Navigon’s latest entry into the increasingly crowded sat-nav market looks to be a cracker with a 4.3” display, Bluetooth hands-free phone and a sleek design that makes it easy to hide away when not in use. In my two week test of the, it really impressed!
Out of the box you get everything you need to get up and running in the car. A very secure windshield mount is fully adjustable to achieve the best viewing angle, no matter what car you are mounting it in, and the power adaptor has a sufficiently long cord should your lighter socket be in an awkward position.
The unit itself is basically the size of a large PDA (remember those?). With its chrome and glossy black bezel it looks nicer than the flat grey you find on a TomTom. The attachment to the windshield mount was strong and easy to clip in, though it took a little practice before I could easily release it. On the plus side it never fell off the windshield!!
The UI is easy to navigate (har har…), but does lack a bit of the polish of its competitors. Hopefully this will be addressed in future versions.
While the interface may look a little old-hat, that certainly can’t be said for the features list. Navigon have included all the niceties we expect from a modern GPS unit, with lane guidance, spoken street names, and warnings for everything, from cameras to school zones to points of interest.
Setting a destination can be done either by typing or by voice. Yep, you can TELL the Navigon where you want to go. The recognition engine seemed very accurate, rarely misunderstanding even complex street and suburb names. Of course, you can always type the destination using the onscreen keyboard (though a QWERTY layout is noticeably absent).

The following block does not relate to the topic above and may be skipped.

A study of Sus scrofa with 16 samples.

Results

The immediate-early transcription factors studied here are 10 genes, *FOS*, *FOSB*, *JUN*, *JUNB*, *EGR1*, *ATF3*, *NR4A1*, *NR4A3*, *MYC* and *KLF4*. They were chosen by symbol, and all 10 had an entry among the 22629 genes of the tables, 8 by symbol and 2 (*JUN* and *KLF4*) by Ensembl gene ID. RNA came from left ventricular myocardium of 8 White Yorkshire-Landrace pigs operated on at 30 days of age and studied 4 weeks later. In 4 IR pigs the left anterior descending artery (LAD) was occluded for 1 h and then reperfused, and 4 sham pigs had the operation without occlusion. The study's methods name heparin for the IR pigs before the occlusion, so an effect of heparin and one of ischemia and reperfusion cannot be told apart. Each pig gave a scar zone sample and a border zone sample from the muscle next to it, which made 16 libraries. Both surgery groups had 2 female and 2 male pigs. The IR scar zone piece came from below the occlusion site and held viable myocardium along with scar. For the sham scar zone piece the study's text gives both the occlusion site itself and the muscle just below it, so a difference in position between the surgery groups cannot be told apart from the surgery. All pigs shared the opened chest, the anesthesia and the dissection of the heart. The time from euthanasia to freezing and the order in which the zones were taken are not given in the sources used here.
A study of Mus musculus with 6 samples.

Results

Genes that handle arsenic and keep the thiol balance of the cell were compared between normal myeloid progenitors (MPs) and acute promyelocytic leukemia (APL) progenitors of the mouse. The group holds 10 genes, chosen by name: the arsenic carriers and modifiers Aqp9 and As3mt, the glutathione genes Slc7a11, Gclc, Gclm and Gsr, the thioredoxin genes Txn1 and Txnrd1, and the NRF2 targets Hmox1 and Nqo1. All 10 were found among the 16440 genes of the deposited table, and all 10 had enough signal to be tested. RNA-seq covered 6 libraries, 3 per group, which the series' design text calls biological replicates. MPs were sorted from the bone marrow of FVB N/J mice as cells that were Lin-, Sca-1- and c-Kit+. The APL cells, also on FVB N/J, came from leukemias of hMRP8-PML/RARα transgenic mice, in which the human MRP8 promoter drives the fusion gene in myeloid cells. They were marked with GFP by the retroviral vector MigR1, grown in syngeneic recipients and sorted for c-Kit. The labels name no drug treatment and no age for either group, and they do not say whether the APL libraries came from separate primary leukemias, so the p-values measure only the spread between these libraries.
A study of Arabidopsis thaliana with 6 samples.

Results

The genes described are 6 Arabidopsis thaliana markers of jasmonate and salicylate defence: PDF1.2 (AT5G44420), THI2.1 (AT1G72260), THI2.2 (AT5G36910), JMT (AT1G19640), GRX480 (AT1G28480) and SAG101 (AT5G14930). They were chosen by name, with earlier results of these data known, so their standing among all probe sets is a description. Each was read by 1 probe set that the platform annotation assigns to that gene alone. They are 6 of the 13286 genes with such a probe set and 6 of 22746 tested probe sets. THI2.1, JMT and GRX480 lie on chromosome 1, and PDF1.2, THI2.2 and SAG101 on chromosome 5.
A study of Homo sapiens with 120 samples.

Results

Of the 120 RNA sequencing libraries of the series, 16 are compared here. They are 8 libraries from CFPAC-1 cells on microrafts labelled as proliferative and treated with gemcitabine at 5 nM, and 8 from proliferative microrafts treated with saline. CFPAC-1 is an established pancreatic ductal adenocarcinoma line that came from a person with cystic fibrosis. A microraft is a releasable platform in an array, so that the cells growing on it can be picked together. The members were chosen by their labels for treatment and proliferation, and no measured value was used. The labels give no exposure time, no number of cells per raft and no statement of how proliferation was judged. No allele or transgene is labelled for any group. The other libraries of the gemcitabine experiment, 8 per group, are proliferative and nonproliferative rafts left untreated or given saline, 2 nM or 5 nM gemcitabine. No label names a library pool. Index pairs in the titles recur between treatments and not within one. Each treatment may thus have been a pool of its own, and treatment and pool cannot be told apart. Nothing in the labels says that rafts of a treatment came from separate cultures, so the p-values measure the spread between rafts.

Once the destination has been entered, the Navigon quickly calculates up to three routes to get you there, when are all shown on the map and can be selected with the options on the right. The first option is usually the best but it’s nice to have the option to skip a toll road if an alternative is available. All the routes show their respective travel times, so an extra 5 minute drive an a $4 toll saved might be worth it.
Once you’re on the move you won’t need to look at the screen again, as the voice guidance is clear, and with the inclusion of spoken street names making the wrong turn in a complicated city is easier to avoid.
For the times you do glance at the screen you’re greeted with a very clear mapping display, that includes lane guidance, a godsend on some of the more complicated motor ways.
As a terrible map reader and one who can “panic” when a turn is coming up and turn too early, having these extra bits of help is great.
One of the nifty features of the 6300 is it’s POI database includes icons of popular service stations, restaurants and the like, so as you pass a Shell service station (“gas station” as American’s like to say :P) you’ll see a Shell logo floating over the top. It’s the little things…
The Bluetooth functionality worked really well, and since I don’t have a car kit installed in my new car, combined with the laws for talking on the phone while driving here in Australia, the hands-free functionality got a workout. The speaker on the 6300 is quite loud so hearing callers was not a problem, and the person on the other end had no issues understanding me either.
Not only can the 6300 pull your contacts over from your phone with the phone numbers, it can also pull the addresses! With one tap you can have the 6300 get you there.
If you are looking for a navigation device that can do a bit more than the average, the Navigon is certainly worth a look. With it’s large, clear 4.3” display, spoken street names and lane guidance it has all the latest features, in addition to being a very handy Bluetooth hands-free.
What Needs Improvement: Interface looks a little dated.